I’m not gonna lie. Pilates is hard. I was a professional dancer before I came to Pilates and I still thought it damn hard when I started. Sure, I had the coordination thing down already but I still had to re-learn how to move the Pilates way and that, my friend, was not easy. From a teaching stand-point, I try to convey this struggle to my clients. They will merely roll their eyes in disbelief and say, “Sure, your teaser looks like you have been doing it since you came out of the womb.” Not the case. When I started taking lessons I couldn’t do a roll-up to save my life because my lower back was locked solid from years of butt-clenching at the ballet barre. I find it particularly irritating to dispel all of the Pilates rumors and try to convince men that there really was a man who created the work and it was not a flouncy ballerina in a tutu. So, if you’ve been interested in trying that thing called Pilates this article is for you. Pilates is a challenge, but anything worth having is always worth working for isn’t it?
- Reason #1 – Pilates is just for dancers and women
This is one of the biggest misconceptions about the method. To dispel the rumors correctly let me give you a quick history lesson. Joe Pilates was an actual person who was very much a manly man. He was a boxer and a gymnast who smoked cigars and drank beer. There was nothing girly about this German powerhouse. The first studio in the US was opened in NYC, and just happened to be in the same building as two of the biggest dance companies. When dancers heard that Uncle Joe on the 5th floor was helping heal injuries and strengthen weak muscles, they jumped right on that. Dancers became some of his biggest devotees not because the work was dance-like, but instead because they danced better and healed themselves with the work. When your body is your source of income, it is indispensable. In the modern Pilates studio, men may feel intimidated by all the ladies in the house. They shouldn’t. In that very first Pilates studio, business men were sweating it out right next to the dancers under Joe’s watchful eye. Remember, this was the 1920s and most women were home with the babies and didn’t seem concerned with working out. Men dominated the studio and Joe knew just how to work with them since he created the method for himself and well, he is the man.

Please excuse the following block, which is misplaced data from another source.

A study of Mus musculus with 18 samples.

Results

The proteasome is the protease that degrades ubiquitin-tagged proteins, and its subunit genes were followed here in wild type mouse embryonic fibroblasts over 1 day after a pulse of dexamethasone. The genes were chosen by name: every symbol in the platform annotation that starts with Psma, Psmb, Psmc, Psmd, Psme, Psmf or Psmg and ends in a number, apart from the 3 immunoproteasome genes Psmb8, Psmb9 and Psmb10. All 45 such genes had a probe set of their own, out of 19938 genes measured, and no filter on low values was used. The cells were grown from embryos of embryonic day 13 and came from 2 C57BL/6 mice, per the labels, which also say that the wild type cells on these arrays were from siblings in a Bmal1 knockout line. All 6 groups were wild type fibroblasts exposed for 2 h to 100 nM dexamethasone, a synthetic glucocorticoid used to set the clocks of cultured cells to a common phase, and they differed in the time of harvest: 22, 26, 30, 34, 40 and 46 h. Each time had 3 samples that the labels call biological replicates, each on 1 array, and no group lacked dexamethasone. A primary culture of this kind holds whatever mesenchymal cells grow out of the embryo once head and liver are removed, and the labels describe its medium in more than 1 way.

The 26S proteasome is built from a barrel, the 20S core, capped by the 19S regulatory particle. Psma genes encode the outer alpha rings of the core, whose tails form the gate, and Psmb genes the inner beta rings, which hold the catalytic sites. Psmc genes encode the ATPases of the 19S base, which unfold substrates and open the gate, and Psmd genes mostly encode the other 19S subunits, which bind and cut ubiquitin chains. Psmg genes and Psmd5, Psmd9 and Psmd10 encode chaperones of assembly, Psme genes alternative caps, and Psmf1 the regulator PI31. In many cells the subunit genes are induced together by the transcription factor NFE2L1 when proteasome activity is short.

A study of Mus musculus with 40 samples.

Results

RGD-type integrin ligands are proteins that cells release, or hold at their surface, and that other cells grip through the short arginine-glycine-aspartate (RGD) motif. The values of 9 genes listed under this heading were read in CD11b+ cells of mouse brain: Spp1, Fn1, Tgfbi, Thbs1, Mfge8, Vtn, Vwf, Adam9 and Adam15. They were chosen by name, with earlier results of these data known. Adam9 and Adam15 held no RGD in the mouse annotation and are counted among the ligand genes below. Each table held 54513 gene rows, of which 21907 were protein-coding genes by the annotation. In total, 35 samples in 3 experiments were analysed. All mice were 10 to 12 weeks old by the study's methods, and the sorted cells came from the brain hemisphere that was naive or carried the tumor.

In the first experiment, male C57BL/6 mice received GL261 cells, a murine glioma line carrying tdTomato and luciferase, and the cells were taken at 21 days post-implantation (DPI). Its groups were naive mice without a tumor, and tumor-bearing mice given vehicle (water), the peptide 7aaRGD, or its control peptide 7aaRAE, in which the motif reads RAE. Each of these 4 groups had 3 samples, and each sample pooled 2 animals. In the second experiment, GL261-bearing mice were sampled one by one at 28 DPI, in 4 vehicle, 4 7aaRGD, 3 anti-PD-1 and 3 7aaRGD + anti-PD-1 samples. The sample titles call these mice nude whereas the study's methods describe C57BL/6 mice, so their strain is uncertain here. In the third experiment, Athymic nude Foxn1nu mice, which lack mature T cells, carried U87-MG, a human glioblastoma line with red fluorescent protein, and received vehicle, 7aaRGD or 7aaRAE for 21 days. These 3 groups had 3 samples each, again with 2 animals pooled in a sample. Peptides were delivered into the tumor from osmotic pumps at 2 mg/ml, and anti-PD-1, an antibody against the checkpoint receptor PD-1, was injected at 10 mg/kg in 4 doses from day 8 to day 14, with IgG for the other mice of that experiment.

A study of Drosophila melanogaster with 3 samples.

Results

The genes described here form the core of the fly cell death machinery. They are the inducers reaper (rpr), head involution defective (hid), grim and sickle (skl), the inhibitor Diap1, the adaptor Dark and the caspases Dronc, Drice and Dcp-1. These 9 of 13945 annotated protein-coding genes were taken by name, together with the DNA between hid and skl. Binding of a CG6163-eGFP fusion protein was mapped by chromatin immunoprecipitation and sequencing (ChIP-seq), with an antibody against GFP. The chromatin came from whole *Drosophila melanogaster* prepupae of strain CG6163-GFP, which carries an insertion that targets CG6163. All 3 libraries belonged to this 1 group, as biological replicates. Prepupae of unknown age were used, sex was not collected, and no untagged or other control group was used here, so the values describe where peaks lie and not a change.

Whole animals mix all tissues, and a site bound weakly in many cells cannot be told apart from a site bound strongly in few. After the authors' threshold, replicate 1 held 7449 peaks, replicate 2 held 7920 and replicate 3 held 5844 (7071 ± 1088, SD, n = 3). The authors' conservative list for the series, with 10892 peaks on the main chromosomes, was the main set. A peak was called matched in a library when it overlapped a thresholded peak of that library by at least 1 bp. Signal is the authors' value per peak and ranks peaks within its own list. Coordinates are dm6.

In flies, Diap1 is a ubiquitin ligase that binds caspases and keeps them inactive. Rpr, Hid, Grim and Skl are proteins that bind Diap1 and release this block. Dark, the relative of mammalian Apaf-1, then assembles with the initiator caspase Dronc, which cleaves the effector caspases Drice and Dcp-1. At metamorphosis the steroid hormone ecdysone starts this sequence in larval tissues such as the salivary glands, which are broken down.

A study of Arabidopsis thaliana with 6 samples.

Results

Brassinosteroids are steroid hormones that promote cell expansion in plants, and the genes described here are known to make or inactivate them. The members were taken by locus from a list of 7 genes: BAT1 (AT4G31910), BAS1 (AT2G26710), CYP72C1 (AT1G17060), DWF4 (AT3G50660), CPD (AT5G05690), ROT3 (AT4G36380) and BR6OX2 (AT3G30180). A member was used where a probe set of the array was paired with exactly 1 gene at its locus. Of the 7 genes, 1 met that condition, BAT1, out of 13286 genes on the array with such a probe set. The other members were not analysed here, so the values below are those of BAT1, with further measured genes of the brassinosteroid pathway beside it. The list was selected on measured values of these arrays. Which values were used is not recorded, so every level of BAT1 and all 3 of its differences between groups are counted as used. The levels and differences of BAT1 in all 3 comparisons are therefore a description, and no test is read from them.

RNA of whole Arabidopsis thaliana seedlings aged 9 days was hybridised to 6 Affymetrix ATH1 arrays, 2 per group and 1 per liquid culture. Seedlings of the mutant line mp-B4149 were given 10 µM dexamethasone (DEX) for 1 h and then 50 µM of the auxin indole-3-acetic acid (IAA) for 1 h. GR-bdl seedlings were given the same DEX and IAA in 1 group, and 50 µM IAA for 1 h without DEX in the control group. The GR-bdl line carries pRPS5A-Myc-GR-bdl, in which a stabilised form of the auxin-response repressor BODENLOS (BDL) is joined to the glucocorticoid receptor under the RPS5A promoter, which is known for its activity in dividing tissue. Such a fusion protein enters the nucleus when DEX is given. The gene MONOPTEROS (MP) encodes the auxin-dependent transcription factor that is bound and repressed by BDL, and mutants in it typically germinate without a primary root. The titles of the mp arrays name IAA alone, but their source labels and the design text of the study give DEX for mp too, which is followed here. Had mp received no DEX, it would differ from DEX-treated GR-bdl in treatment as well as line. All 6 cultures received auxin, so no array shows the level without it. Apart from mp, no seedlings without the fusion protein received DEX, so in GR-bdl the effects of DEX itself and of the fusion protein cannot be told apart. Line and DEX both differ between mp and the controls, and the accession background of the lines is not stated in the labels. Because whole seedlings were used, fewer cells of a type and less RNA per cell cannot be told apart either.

- Reason #2 – I’ll look stupid/awkward/feel embarrassed/or won’t be good at it
Ok, let’s just say that anytime you try to learn a new skill there’s going to be a learning curve. No one jumps on a bike for the first time and pedals away. Sure, some of us pick up certain things faster than others but we’ve all fallen, stumbled, or tripped along the way so you’re not alone. Learning Pilates is no different. It’s something you have NEVER done and it’s NOT like anything else so duh, it’s going to be a challenge. The thing is, it’s not about getting somewhere or reaching some illusive Pilates level. No way, Jose! It’s about the movement, and in that moment, being present with each muscle and sensation. Learning to coordinate those movements together to work your body (the only one you’ll have in this lifetime btw), to its most efficient, healthiest self. Plus, Pilates instructors don’t see all of those so-called missteps. We’re trained to be so focused on what YOU need as the individual and how to give you that. We aren’t really paying attention to nervousness. We just want you to work hard no matter how it looks. So, feel a little awkward. Maybe even be a little embarrassed. But don’t give up because Pilates is one of the BEST things you can do for your self.
- Reason #3 – I don’t have the right body type or I’m too old
Joe’s biggest dream was that there would be a Pilates studio on every corner, in every city, all over the world. What he didn’t envision, was that only skinny, anorexic-looking women would be doing his method. Nuh uh. He had fantasies of kids doing Pilates in school, elderly men standing tall for the first time in years, and sedentary office workers getting color in their cheeks from finally getting their blood pumping. Pilates is for everyone and every body. It is safe enough for the 80 year old or the injured; it is challenging enough for those pro-dancers and athletes. In archival documents and interviews Joe Pilates never talks about muscles or bones but rather breath and blood. He wasn’t promising flat abs or a perky ass, but optimal health and space for your organs to do their thing without obstacles. Feeling good was waaaay more important than looking it. So, whether you’re a super model or a just the average Joe — Pilates IS right for you!
In short there is really no good reasons not to be doing Pilates, so get over yourself and get into the studio. I promise you’ll thank me. If you’re in New York, schedule your New Client Special here at FORM Pilates USQ here!